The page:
A few weeks ago, I flew out to Washington, D.C. to participate in the Unite to Face Addiction concert. Tens of thousands of people were there, and it was incredible to see how many people's lives have been touched by addiction.
To me, the best part about National Recovery Month is that everyone in every corner of the country can participate -- and is welcomed to do so! Just by visiting the National Recovery Month website, you can find local events in your community to attend, as well as read articles about addiction and recovery.
I'm not fully sold on the idea that this is the best way to educate the public about prescription drug abuse. Yes, it is helpful, but when you look at the bigger picture, it's going to take more than just Twitter to change the way people view prescription drug abuse.
Just two weeks ago, Orange County was making headlines for filing a lawsuit that blamed major pharmaceutical companies for unethically pushing sales of painkillers and other dangerous prescription drugs. Now, Chicago is filing an almost identical lawsuit against some of the same companies.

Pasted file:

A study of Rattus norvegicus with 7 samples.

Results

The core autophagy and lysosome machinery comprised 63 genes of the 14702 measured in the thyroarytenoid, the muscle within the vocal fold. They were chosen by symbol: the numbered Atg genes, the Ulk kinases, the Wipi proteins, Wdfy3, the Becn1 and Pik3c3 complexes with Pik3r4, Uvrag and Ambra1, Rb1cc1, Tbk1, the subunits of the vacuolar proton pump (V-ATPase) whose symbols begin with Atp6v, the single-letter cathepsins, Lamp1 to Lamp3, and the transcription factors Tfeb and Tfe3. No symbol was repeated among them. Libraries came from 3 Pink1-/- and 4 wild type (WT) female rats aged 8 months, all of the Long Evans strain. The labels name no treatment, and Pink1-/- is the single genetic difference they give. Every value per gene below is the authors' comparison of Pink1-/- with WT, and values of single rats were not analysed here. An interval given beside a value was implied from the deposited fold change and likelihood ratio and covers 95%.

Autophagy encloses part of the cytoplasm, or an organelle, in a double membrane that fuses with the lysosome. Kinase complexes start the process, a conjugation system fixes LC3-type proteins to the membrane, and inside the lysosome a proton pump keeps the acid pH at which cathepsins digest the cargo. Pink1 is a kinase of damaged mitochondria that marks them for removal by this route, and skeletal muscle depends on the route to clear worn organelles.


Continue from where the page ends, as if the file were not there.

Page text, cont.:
For a few years now, some states have armed their local police officers and EMT's with Narcan, a drug that has the potential to reverse the effects of a heroin (and other opioid) overdose.
One thing I know about recovery is that going through treatment is not nearly as hard as trying to stay sober once you are out. Aftercare is truly where the challenge of sobriety lies. Because I can connect with the idea so deeply, I have jumped into this project whole-heartedly.